We’re still at the early stages of augmented reality (AR). I reviewed the HoloLens a couple of years back, liked it, but got bored of it very quickly. Since then, different forms of AR have appeared on smartphones and other devices.
It’s important to note, once again, that AR is different from VR in that in the former, objects are put on top of a regular or digital view. In VR, you are in a completely different world. It’s a completely immersive experience. Is one better than the other? That all depends, but both have different purposes.
Is AR distracting? It sure can be. And now, it’s coming to distract you when you drive. CNET has the news
“Augmented reality apps like Pokemon Go and Lego Studios have captured imaginations and headlines, but the really useful role for AR is likely to break out in cars from Mercedes and BMW. It’s a trend that could transform our vision of AR from the goofy to the essential, moving the conversation away from face-worn gear like Magic Leap and Microsoft HoloLens.”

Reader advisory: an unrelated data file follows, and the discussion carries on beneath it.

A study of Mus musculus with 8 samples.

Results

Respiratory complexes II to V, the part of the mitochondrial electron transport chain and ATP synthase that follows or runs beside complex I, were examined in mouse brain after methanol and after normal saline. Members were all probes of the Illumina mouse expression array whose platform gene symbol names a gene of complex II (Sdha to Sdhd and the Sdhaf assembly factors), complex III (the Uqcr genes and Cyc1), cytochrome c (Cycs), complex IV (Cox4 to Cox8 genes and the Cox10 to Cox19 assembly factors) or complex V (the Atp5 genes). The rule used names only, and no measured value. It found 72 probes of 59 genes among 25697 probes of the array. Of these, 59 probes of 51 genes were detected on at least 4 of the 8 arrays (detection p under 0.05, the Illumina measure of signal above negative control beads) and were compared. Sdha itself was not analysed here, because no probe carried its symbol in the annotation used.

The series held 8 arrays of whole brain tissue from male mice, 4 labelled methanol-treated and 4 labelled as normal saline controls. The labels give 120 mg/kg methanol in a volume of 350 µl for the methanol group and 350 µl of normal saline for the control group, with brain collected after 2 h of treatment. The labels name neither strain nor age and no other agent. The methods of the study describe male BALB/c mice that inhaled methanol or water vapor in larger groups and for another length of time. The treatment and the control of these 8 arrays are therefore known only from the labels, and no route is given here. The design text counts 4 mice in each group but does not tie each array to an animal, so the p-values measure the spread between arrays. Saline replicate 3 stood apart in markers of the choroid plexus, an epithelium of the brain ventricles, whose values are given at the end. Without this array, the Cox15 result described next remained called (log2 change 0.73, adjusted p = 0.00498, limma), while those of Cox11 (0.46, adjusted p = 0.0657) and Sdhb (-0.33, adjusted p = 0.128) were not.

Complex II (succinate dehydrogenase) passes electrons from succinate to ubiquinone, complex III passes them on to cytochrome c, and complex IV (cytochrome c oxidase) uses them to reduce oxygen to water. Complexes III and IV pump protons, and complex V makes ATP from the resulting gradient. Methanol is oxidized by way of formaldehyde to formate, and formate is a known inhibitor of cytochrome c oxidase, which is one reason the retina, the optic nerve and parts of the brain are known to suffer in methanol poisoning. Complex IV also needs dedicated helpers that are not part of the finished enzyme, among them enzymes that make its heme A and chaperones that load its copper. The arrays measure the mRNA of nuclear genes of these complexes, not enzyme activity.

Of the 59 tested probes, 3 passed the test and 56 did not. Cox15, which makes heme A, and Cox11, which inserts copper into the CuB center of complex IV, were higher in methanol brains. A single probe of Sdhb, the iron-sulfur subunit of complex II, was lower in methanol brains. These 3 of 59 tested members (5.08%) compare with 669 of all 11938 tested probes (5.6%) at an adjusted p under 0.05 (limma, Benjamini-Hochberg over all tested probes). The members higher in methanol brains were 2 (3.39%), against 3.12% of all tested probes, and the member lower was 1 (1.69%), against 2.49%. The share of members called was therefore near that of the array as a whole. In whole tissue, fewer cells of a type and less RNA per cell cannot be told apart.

This means that maps, mileage, and other things will appear on your windshield. Perhaps there will be no point in attaching your smartphone to the dashboard since everything on your screen (or at least what you want) will appear on the windshield. There are some cases where you can also view your blind spots through your windshield as well. To some, this sounds like something that could lead to major distractions.
But we live though distractions in our vehicles anyway. Whether we want to admit it or not, we look at our phones while we are driving (some go as far as to actually text). We look at our speedometer, our gas mileage, etc. Wouldn’t it be better if all of this appeared on the windshield in front of us so we don’t take our eyes off of traffic?
Like it or not, it’s gonna go mainstream — and I predict this will happen almost instantly. By 2023, most new cars will have AR features. The quality of the images may not be the best at first, but — like in cell phones — they will improve over time. What will be next for drivers — virtual reality? Now, that could be really scary. Still, it’s impressive to see how far automobile technology has become in the past 10 years.